The effects of organic agriculture on biodiversity and abundance: a meta-analysis


Type: Research Paper
Knowledge level: Advanced

Farm Table says:

The attitude of individual farmers, rather than which farming system is used, is probably the most important factor determining biodiversity at the farm level. Attempts to enhance biodiversity in agricultural landscapes will need the active participation of interested and well-educated farmers, as well as a subsidy system that is fair and rewards environmentally sound management practices. It is only through interactions with the farmers themselves that scientists will be more likely to propose and test practices that are feasible in reality.

Meta-analysis is a method for analysing and synthesizing the results of several independent studies examining the same question. is especially useful for examining general patterns of treatment effects, such as, for example, the evidence for interspecific competition in field experiments.

For simplicity, we used species richness as a quantitative index of biodiversity in our analysis, although it is only one of several measures of biodiversity.

• Abundance is the total number of individuals per unit area or, for many insects, per trap, or, for plants, percentage plant cover.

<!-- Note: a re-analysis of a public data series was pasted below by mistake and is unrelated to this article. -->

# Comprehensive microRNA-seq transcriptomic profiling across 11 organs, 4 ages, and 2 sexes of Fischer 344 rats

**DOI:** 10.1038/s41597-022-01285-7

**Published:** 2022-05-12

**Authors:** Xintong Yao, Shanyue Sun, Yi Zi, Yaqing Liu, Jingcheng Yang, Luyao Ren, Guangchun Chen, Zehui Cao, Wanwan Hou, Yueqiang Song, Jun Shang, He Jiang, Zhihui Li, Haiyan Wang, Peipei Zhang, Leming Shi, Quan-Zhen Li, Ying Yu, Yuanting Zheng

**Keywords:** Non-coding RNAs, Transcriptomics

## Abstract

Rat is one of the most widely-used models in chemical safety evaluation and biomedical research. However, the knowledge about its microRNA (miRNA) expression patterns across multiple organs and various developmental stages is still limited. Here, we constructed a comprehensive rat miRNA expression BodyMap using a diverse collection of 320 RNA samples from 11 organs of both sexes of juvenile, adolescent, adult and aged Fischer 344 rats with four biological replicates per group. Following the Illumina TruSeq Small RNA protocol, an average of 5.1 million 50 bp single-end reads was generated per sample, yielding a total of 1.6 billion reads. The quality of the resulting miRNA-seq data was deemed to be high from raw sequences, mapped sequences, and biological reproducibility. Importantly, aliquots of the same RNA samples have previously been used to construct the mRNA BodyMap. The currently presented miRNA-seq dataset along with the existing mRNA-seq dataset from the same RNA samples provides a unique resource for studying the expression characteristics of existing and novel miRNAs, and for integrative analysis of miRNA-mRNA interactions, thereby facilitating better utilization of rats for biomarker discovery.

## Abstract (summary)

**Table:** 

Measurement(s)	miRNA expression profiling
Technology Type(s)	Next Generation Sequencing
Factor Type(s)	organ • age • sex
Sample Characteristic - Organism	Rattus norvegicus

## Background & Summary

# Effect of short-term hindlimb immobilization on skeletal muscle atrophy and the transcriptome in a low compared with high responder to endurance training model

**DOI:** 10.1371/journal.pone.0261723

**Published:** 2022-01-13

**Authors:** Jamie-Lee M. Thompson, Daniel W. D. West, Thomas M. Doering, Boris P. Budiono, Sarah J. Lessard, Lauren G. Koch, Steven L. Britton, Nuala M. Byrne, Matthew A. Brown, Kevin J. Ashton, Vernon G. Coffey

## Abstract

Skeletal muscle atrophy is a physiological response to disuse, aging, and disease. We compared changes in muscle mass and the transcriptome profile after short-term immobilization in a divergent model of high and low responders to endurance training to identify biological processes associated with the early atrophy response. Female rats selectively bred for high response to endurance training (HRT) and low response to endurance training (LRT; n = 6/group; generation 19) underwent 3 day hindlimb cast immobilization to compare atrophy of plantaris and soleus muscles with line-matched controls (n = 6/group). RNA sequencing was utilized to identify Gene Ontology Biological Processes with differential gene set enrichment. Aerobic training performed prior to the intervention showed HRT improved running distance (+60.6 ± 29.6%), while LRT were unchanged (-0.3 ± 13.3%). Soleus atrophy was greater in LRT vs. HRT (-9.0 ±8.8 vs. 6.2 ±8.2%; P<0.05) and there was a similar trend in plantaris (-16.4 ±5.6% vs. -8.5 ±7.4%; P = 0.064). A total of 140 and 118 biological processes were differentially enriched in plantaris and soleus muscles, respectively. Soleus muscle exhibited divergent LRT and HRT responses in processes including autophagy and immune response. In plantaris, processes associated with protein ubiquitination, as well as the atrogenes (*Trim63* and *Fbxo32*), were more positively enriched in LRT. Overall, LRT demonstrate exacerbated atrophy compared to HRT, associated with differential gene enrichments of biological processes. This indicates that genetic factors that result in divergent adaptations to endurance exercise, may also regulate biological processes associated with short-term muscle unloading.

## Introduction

• Organic (sometimes called ecological) agriculture can be defined as farming systems where the use of pesticides, herbicides and chemical fertilizers is prohibited.

• Conventional agriculture encompasses farming systems where pesticides, herbicides and chemical fertilizers can be used.

The results show that organic farming often has positive effects on species richness and abundance, but that its effects are likely to differ between organism groups and landscapes. It is highly recommended that positive effects of organic farming on species richness can be expected in intensively managed agricultural landscapes, but not in small-scale landscapes comprising many other biotopes as well as agricultural fields. Measures to preserve and enhance biodiversity should be more landscape- and farm-specific than is presently the case.